In this class students will work with their specific thesis project in the creation and production of a publication.
These group critiques are the focal point of student activity in each semester. Guided by prominent figures in the visual arts, and assisted by their peers, students discuss and concentrate on producing a coherent body of work that best reflects their individual talents and challenges the boundaries of their media.
This lab class will introduce students to the current state of analogue practices. Through a series of demonstrations and assignments students will become familiar with advanced analogue technology in black and white photography. We will review the zone system, roll film and large format sheet film processing options, use of esoteric films and developers and the integration of a methodology to approach this in their own work.
This class will continue the work begun in Analogue Darkroom 1 and build upon techniques examined in that class. In addition we will concentrate on print production from conception to finish. The ever-changing technology of materials will be addressed and topics such as mural production, alternative processes, unique toning formulas, and postproduction presentation techniques will be explored through demonstration, lecture, and hands on practice.
This class will include readings, critiques, and discussions examining critical theory in the digital age. Artistic conception, workflow and production have expanded dramatically with the introduction of digital media techniques. This course will explore the relationships between these points and the paradigm shift in how creative conception and workflow is interpreted in this new era.
In these workshops students will learn new techniques for working in Photoshop, Lightroom and a multitude of other new software programs. In addition, theory and practice of color management will be covered and students will have the opportunity to integrate these tools into their digital skill set.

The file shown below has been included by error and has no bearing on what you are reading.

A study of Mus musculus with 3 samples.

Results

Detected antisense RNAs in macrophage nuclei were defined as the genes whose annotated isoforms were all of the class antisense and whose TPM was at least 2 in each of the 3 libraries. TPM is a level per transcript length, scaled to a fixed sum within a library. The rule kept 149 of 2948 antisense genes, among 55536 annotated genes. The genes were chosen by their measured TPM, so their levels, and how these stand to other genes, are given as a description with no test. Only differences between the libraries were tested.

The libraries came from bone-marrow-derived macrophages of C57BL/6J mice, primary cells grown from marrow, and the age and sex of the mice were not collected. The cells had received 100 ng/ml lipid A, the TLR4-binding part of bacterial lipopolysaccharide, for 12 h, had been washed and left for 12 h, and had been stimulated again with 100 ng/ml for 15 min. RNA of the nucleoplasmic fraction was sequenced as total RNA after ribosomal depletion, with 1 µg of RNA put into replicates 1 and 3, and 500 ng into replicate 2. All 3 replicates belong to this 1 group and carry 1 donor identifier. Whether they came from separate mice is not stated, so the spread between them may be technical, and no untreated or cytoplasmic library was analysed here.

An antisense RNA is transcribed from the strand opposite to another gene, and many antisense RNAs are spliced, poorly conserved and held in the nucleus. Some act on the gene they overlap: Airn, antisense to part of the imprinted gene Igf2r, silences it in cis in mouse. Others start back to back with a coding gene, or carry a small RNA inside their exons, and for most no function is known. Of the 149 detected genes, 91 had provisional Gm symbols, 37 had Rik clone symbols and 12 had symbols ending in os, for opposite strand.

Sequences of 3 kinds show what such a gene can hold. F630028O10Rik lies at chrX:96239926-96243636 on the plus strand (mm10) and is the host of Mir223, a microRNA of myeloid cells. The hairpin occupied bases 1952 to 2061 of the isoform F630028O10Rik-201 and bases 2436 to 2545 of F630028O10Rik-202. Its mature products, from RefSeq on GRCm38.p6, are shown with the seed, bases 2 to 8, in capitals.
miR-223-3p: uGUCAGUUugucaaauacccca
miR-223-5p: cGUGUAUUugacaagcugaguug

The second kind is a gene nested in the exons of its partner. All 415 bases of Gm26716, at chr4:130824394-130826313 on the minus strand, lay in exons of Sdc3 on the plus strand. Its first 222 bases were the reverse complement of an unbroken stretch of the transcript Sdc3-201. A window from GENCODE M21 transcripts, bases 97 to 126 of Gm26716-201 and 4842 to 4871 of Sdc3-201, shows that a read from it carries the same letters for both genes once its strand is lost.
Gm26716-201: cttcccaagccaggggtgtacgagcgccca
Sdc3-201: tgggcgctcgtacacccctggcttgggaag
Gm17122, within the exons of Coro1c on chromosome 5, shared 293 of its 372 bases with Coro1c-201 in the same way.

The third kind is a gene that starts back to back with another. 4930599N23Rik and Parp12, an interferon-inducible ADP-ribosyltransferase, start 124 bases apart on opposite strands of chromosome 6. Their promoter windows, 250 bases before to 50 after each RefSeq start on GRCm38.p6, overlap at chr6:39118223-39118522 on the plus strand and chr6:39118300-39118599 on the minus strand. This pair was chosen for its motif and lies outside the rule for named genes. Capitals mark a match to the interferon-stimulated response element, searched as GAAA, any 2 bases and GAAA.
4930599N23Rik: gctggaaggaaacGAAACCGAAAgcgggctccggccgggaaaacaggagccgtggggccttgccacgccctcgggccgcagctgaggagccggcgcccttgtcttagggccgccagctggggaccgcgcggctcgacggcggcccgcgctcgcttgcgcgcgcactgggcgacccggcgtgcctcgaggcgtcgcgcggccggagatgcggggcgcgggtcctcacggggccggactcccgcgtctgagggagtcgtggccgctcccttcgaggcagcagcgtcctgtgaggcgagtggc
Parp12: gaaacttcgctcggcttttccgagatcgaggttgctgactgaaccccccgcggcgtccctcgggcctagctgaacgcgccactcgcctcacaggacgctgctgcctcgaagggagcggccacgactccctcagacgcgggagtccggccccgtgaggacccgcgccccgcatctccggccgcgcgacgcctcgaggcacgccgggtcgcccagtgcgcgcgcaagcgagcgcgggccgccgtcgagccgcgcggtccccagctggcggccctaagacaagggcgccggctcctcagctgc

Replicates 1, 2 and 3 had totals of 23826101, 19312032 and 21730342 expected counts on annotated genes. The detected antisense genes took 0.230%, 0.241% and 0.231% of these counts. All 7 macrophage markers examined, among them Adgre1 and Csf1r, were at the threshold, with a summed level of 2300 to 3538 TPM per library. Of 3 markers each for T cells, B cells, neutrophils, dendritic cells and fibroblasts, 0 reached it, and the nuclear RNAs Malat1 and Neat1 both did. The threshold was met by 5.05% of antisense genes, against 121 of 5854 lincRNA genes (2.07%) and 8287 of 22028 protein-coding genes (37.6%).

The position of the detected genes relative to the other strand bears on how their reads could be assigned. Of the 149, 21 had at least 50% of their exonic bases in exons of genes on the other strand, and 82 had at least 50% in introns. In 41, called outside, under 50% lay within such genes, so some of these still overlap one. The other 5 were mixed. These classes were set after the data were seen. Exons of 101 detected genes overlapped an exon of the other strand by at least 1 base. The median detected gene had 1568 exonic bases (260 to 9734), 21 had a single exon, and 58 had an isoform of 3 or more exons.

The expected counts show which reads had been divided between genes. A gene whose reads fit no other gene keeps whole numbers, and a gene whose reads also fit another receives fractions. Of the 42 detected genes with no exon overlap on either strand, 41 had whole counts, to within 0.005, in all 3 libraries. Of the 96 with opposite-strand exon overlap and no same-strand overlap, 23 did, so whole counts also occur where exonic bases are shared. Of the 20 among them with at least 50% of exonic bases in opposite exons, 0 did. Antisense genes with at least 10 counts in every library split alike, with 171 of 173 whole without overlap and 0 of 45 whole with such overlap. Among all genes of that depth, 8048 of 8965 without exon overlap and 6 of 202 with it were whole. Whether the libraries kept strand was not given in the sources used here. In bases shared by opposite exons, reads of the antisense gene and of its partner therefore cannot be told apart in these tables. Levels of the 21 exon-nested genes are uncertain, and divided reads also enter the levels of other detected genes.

In this initial class students will, through lecture and readings, be exposed to ideas of how to create and execute a project. Topics include time management, project inspiration, project proposals, and schedules for the production of the work.
In these seminars students will interact with leading professionals in the field (curators, gallery directors, picture agency directors, and others) to cover a wide range of topics including museum/gallery perspectives in the United States and internationally, editorial and contractual issues for clients, book-publishing issues, pricing artwork, networks, websites and blogs.
This seminar acquaints students with contemporary photographic/art practices. It examines specific models and matrixes that define current trends. Topics will include: topologies/mythical realities, art/photography and the social milieu, photography/sculpture/art and documentary practice.
This course is a survey of books produced worldwide during the first part of the 20th century. We will review a selection of seminal works, critique the photographic theme and content, design issues and production quality. In addition we will examine the integration of technology during this period.
This course will continue the survey of books produced worldwide during the second half of the 20th century. We will review a selection of seminal works, critique the photographic theme and content, design issues and production quality. In addition we will examine the impact of emerging technologies in the thematic topics of books. Subjects discussed will include: editing, photo sequencing, and all aspects of design.
This final class devoted to the photographic book will examine the current state of affairs in the market and the emergence of new technologies, which allows individuals to “create” their own unique publications. In conjunction with this class students will research the possible avenues for publication: commercial publishers, specialty presses, on-demand book production and small–run book publishing. Topics examined will include: editing, photo sequencing, and all aspects of design, and binding.(The Photographic Book 1, 2 and 3 courses are in preparation/conjunction of the actual production of a book for the student thesis and graduation exhibition.)
The thesis project is the culmination of the MFA program. Its exhibition format, accompanied by written documentation, explains the historical precedents, evolution and generation of the project.